It’s finally happening. Premier Scott Moe is raising Saskatchewan’s minimum wage to $15 an hour. This is good news. It’s good news for workers in low-wage jobs. It’s good news for their children and their families.
It’s good news for local businesses whose customers will now have more money to spend on life’s basic necessities and the little extras that make life enjoyable.
62,000 workers in Saskatchewan currently earn less than $15 an hour for their labour. That’s roughly the population of Prince Albert and Moose Jaw combined.
At the same time, $15 is clearly no longer enough.
The new $15 minimum wage won’t be in full effect until 2024—seven years after the campaign for a $15 minimum wage became a provincial rallying cry in 2017.
Seven years is a long time, and $15 loses quite a bit of purchasing power during that time.
Adjusting for inflation, $15 an hour in 2017 is $16.65 in 2022 . By 2024, that number could reach $17.50 or higher based on current trends.
It begs the question: What the right benchmark is for a fair minimum wage?
Unifor advocates for a minimum wage policy that ties it to other indicators that are specific to a province’s labour market and standard of living. Specifically, we recommend the minimum wage be tied to 60% of the median wage for full-time workers. In Jurisdictions with extremely low median wages we recommend a minimum wage of at least $15.
By this benchmark, Saskatchewan’s minimum wage should be $18 an hour this year . By this reasonable measure, Scott Moe’s scheme for a $15 minimum wage two and half years from now is grossly inadequate.
Labour economists measure “low-wage work” as work performed for wages that are less than two-thirds the median hourly wage. In Saskatchewan, that figure is $17.82.
You can see how raising the minimum wage above the low-wage work threshold could benefit the province: approximately one in four Saskatchewan workers, or 116,000 adults, are doing what’s classified as low-wage work.
On top of that, many are working in part-time, temporary or casual jobs where hours and earnings are often unpredictable.
Raising the minimum wage to $15 an hour in 2024 is Premier Moe doing the bare minimum for workers earning low wages, but it is not nearly enough to ensure workers are able to meet their basic needs, let alone thrive.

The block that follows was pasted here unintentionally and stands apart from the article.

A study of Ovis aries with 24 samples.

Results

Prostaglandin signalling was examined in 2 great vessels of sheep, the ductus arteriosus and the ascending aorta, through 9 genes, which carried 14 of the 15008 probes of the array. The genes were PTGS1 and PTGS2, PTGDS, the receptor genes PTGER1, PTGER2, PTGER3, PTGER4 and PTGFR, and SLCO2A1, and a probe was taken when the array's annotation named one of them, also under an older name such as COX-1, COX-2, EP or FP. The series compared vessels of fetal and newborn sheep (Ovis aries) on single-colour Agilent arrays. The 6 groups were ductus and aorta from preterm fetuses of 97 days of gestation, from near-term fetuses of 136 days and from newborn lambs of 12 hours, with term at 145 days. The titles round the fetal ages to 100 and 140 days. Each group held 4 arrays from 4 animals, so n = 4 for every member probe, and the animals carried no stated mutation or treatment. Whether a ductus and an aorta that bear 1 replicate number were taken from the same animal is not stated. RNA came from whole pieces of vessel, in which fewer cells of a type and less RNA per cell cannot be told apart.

Minimum wage isn’t the only area where Scott Moe is failing Saskatchewan’s workers. His poor track record extends to other critical areas of workplace law, such as replacement workers.
Unionized workers are generally not low-wage workers, but Scott Moe increases their vulnerability by refusing to outlaw replacement workers during lockouts or strikes. Even Prime Minister Justin Trudeau has taken action to level the playing field for workers with a commitment to banning replacement workers in the federal sector.
The use of replacement workers completely destroys the essence of a labour dispute, that is, a withdrawal of labour creating a cost to both the union and the employer.
Perhaps ironically, tilting the balance of power towards employers with replacement workers doesn’t achieve the goal of making unionized workers capitulate sooner—replacement workers actually extend labour disputes. The average length of a labour dispute with “scabs” is 265.1 days. Without them, the average dispute only lasts 42.8 days.
Saskatchewan’s workers deserve a premier who champions workplace rights and liveable wages. Until Scott Moe takes meaningful action on the minimum wage and replacement workers, we know who’s side he’s on.